Metro-East News

Things to do: Memorial Day weekend is more than beer and brats

Mary Cooley
Mary Cooley

Victor Francis was already an old man in my earliest memories. Soft-spoken around easily intimidated small children like me, he was a man who took joy in following his hound dogs or otherwise being off somewhere in the woods.

Cousin Vic and his sister were in World War II, he somewhere in Europe and she in Hawaii. The only thing he ever said about it was, “France was a really pretty country.” When pressed, “Italy too. But France was really beautiful.”

Years later, his obituary had a long list of battles the Army corporal had survived and the medals he had earned. For our own beautiful country, this weekend we remember all those who did not return to tell us of far-off lands.

Memorial Day in Belleville

Area veterans are encouraged to walk in the Belleville Memorial Day parade, starting at 10 a.m. Monday, even if they aren’t already associated with the American Legion, Veterans of Foreign Wars, Catholic War Veterans or any of the other organizations marching in the annual parade.

“If they can’t walk, we’ll put them on a float and they can ride along,” said Tammy Hickey of the American Legion. Anyone interested in joining the parade should arrive about 9 a.m. Monday near Cathedral School on Second Street and West Main. The parade route goes a mile and a half from Cathedral Grade School, north on Second Street, east on Main street, then turns south onto Mascoutah Avenue until reaching Walnut Hill Cemetery.

The TRANSCOM color guard from Scott Air Force Base will lead the flag-raising at the cemetery, and various veterans groups will read the names of those who have passed on this last year. The guest speaker is Col. Michael Benjamin, the Staff Judge Advocate, Office of the Staff Judge Advocate, United States Transportation Command, on Scott Air Force Base.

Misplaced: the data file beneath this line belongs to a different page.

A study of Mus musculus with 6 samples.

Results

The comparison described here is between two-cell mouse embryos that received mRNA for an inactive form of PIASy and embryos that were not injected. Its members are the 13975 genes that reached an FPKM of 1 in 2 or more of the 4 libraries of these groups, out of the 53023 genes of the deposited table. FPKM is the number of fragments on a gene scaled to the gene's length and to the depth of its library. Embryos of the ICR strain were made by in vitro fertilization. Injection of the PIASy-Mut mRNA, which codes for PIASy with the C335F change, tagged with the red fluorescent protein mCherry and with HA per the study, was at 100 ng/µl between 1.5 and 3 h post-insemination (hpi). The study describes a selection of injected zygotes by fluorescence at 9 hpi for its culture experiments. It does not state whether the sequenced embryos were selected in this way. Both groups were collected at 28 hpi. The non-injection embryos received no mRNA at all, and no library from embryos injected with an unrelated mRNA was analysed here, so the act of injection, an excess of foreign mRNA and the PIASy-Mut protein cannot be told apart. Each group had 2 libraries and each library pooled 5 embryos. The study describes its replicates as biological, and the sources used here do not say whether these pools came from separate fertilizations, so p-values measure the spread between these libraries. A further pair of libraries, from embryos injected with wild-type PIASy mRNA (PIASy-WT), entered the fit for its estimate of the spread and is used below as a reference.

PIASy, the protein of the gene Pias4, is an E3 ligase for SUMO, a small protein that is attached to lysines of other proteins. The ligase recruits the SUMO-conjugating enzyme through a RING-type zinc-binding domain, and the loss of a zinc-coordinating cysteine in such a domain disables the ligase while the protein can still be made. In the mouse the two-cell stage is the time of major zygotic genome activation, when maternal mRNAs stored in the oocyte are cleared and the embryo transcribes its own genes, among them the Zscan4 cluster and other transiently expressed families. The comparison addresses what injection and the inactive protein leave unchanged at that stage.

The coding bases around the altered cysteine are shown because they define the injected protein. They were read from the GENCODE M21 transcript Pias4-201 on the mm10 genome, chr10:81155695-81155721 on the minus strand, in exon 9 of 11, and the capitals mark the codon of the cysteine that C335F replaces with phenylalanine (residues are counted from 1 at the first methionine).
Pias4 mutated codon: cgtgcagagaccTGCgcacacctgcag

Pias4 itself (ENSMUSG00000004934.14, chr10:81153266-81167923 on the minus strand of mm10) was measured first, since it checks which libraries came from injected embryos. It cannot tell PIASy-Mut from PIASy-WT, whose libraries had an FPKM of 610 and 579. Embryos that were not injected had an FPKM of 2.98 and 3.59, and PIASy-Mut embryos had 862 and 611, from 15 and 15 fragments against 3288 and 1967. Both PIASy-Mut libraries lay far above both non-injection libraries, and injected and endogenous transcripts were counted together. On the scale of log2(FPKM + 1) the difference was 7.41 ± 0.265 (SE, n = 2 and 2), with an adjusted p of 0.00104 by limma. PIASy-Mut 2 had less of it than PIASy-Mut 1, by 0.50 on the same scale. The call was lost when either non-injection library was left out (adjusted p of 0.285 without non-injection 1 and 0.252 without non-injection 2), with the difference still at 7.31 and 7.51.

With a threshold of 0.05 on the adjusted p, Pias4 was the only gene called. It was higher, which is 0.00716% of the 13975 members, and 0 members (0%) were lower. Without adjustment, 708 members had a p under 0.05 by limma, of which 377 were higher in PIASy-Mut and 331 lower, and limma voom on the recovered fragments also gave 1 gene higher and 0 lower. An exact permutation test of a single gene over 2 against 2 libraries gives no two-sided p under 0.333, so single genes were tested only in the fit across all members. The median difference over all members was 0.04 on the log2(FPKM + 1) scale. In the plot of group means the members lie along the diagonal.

In addition to all the veterans and military groups in the parade, expect to see Captain America, members of the Metro East Car Association, Girl Scouts, Boy Scouts, historic cars and historic military vehicles.

Memorial Day in Hecker

St. Augustine’s Cemetery, at 310 N. Main Street in Hecker, hosts the annual Memorial Day observances at 10 a.m. Monday. They’ll have speakers, live music, recognition of the living veterans and a flyover to honor the dead. In case of rain, observances move to the Hecker Community Center, 230 E. Washington St.

Memorial Day Masses

▪  9 a.m. Monday at Mount Carmel Catholic Cemetery, 10101 W. Main St., Belleville

▪  11 a.m. Monday at Holy Cross Cemetery, 9409 Holy Cross Road, Fairview Heights

Sail like Columbus

The Nina and Pinta are again in Grafton this weekend and will sail away on June 6. Admission to the astonishingly small ships that carried dozens to the New World is $8 adults, $7 seniors, $6 for students aged 5 to 16, and free for children 4 and under. The modern-day sailors who crew the ships know every detail of the replica ships and their histories, and all they ask is that you don’t go below deck, because that’s living quarters. Board the ships at The Loading Dock at 401 Front St. in Grafton. Call 787-672-2152 or email columfnd1492@gmail.com for more information.

Eat well

▪  The Italian-American Days Festival starts at 4 p.m. Saturday, 11 a.m. Sunday and noon Monday at the Benld City Park in Benld. Carnival rides, music by All Mixed Up Band on Saturday and Agent 99 and more on Sunday. Enjoy one ton of free spaghetti from 11 a.m. to 1:30 p.m. Sunday; or buy Italian specialties like such as salami sandwiches, bagna cauda and spumoni and more any time. Bingo at 7 p.m. Saturday and Sunday, at noon on Monday.

They’re ready for rain, too. Find them on Facebook under Benld Italian-American Days.

▪  Greek Fest lets non-Greeks in to experience “the Greek Community’s deeply rooted traditions and heritage” from 11 a.m. to 9 p.m. Saturday and Sunday and 11 a.m. to 8 p.m. Monday at the Assumption Greek Orthodox Church at 1755 Des Peres Road in Town and Country, Mo. They’ll have Greek music and dancers, a gift shop, church tours and a children’s area. Plus, food: lamb shank, moussaka, spanakopita, souvlaki, pastitsio, dolmathes and more. Children’s plates offer chicken strips and french fries, but here’s hoping the kids are ready for gyros and tiropitas. Find out more – including a full menu and the music lineup – at stlouisgreekfest.com/.